If you are like many in Colorado, social media is important to you. Facebook, Instagram, Twitter and others allow you to connect with friends and family, meet people with similar interests, and share the things that are important to you. Did you know that someone else may be lurking among the friends and contacts you allow on your social media accounts?

Law enforcement now uses Facebook and other social media as tools for investigating crimes and keeping tabs on those they suspect are involved in criminal activity. More than 80 percent of law enforcement agencies now use social media to help them solve crimes. In some cases, police formally request that Facebook release certain private information about account holders. However, in many cases, these steps are not necessary.

What are they looking for?

You may be among the many Facebook and other social media users who do not protect your privacy with appropriate settings or restrain yourself from posting incriminating information. If you indiscriminately accept friend requests, you may have a police investigator among your contacts. Police frequently create fake accounts so they can gain access to Facebook users suspected of the following and more:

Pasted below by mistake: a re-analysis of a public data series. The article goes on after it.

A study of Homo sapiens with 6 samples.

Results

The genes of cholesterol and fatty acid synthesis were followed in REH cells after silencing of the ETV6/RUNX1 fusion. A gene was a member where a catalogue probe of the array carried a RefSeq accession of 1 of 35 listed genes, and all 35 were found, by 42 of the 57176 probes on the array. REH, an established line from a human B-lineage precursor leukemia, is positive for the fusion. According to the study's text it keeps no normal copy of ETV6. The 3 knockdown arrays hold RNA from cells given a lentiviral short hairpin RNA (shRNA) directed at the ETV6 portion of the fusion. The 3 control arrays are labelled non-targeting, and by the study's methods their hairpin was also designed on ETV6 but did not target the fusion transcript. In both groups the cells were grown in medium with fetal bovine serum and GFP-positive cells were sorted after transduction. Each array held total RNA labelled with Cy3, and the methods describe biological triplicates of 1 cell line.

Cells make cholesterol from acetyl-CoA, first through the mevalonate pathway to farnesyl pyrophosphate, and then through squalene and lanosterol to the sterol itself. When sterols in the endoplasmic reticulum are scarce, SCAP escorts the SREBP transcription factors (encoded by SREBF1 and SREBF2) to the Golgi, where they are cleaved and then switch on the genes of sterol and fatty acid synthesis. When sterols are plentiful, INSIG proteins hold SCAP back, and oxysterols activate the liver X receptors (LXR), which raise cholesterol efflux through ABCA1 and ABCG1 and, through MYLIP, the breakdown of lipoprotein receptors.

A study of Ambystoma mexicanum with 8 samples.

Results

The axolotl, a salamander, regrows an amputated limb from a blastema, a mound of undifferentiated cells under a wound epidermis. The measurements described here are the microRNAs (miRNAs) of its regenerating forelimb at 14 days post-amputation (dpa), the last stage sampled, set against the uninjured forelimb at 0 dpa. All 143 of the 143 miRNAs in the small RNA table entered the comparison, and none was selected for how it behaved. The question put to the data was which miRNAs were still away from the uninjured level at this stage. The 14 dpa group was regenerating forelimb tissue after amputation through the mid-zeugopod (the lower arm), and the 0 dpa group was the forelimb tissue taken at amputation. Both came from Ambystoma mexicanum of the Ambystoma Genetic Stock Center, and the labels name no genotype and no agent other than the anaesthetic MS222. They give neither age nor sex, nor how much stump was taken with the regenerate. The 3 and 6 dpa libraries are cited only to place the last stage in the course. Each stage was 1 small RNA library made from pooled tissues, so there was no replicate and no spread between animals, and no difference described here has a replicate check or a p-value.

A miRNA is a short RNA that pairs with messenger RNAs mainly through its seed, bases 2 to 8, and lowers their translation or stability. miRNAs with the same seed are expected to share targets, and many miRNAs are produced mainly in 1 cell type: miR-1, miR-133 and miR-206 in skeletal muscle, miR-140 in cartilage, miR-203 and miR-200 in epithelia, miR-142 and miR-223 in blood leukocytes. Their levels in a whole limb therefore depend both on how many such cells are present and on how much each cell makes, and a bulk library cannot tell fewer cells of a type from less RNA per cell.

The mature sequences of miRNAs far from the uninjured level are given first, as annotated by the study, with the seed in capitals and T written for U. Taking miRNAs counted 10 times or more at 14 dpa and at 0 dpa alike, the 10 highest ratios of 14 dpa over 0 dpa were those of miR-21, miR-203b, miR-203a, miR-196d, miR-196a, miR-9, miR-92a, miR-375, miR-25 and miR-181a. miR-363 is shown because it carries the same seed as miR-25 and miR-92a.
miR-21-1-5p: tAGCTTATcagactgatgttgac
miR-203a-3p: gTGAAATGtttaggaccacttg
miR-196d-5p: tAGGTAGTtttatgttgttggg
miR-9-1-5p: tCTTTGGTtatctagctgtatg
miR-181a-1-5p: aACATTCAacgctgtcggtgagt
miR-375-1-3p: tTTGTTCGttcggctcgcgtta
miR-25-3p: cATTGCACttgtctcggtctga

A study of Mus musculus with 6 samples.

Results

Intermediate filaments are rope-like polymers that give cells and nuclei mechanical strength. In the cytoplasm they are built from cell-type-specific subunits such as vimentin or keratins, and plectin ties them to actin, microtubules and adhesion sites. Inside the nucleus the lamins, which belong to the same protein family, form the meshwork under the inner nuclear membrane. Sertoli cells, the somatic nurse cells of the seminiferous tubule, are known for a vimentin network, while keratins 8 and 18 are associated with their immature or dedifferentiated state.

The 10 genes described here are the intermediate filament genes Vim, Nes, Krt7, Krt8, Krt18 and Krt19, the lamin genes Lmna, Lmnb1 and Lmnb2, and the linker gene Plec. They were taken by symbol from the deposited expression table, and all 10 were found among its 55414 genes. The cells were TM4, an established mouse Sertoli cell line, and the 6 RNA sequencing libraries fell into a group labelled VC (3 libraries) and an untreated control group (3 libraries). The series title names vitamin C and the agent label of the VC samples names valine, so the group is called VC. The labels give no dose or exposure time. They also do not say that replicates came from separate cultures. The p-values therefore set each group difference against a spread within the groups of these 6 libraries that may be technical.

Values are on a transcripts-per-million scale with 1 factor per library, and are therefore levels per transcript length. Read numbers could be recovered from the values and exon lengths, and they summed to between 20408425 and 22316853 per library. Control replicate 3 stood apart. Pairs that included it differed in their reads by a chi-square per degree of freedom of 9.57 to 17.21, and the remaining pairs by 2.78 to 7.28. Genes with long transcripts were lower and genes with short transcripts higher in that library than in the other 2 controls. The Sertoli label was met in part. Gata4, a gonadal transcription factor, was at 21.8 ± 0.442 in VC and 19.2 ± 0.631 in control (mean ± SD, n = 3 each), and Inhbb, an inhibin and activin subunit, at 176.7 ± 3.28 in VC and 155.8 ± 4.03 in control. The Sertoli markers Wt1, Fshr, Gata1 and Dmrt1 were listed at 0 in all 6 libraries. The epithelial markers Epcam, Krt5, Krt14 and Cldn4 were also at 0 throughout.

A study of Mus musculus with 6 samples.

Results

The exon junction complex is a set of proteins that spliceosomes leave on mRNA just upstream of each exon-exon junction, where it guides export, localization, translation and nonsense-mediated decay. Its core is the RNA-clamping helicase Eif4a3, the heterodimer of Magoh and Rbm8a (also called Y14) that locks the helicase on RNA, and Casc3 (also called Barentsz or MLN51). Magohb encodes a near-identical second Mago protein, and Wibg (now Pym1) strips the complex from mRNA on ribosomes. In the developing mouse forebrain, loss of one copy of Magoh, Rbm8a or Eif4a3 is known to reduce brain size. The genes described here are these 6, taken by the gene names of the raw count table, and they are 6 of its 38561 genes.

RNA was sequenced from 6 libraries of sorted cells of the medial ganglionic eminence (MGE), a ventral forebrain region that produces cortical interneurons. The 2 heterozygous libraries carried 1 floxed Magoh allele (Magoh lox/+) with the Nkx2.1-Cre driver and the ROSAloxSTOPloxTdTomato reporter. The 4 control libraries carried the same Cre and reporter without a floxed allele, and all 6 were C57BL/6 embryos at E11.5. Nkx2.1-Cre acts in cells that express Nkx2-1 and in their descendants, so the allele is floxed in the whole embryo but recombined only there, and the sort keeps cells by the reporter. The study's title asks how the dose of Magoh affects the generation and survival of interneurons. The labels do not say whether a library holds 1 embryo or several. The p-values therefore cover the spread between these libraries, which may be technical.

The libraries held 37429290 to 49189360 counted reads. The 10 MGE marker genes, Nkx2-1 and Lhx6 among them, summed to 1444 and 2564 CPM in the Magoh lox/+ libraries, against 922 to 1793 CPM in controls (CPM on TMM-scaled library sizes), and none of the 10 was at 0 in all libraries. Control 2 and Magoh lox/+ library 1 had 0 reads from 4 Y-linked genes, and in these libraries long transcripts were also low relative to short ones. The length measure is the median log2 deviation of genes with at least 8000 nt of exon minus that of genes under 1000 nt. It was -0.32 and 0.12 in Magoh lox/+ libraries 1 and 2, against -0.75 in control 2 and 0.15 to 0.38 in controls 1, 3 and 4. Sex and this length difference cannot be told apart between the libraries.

• Gang activity
  • Drug activity
  • Property damage crimes
  • Theft

Officers need no warrant since there is no expectation of privacy. While your Facebook posts may provide you with an alibi, you may incriminate yourself if you are not careful about what you post. For example, posting a photo of yourself holding a weapon while you are on probation may be enough for police to obtain a warrant for your arrest. Even if your privacy settings are high, your friends may provide police with access to your posts if they share them or comment on them.

Guilt by association

A friend may post a picture of criminal activity on his or her own page but tag you in it, which can lead police to you. A picture of you with someone whom police know is involved in drug or gang activity may draw suspicion on you even if you have no criminal dealings. Posting pictures or live streaming from parties where drug use or underage drinking is occurring can quickly bring law enforcement to your door.

These are only a few ways in which law enforcement may be monitoring your activity on Facebook and other social media. However, a picture or post rarely tells the whole story, so if you face arrest based on an investigation that relies on your social media presence, you would do well to seek the counsel of an experienced criminal defense attorney.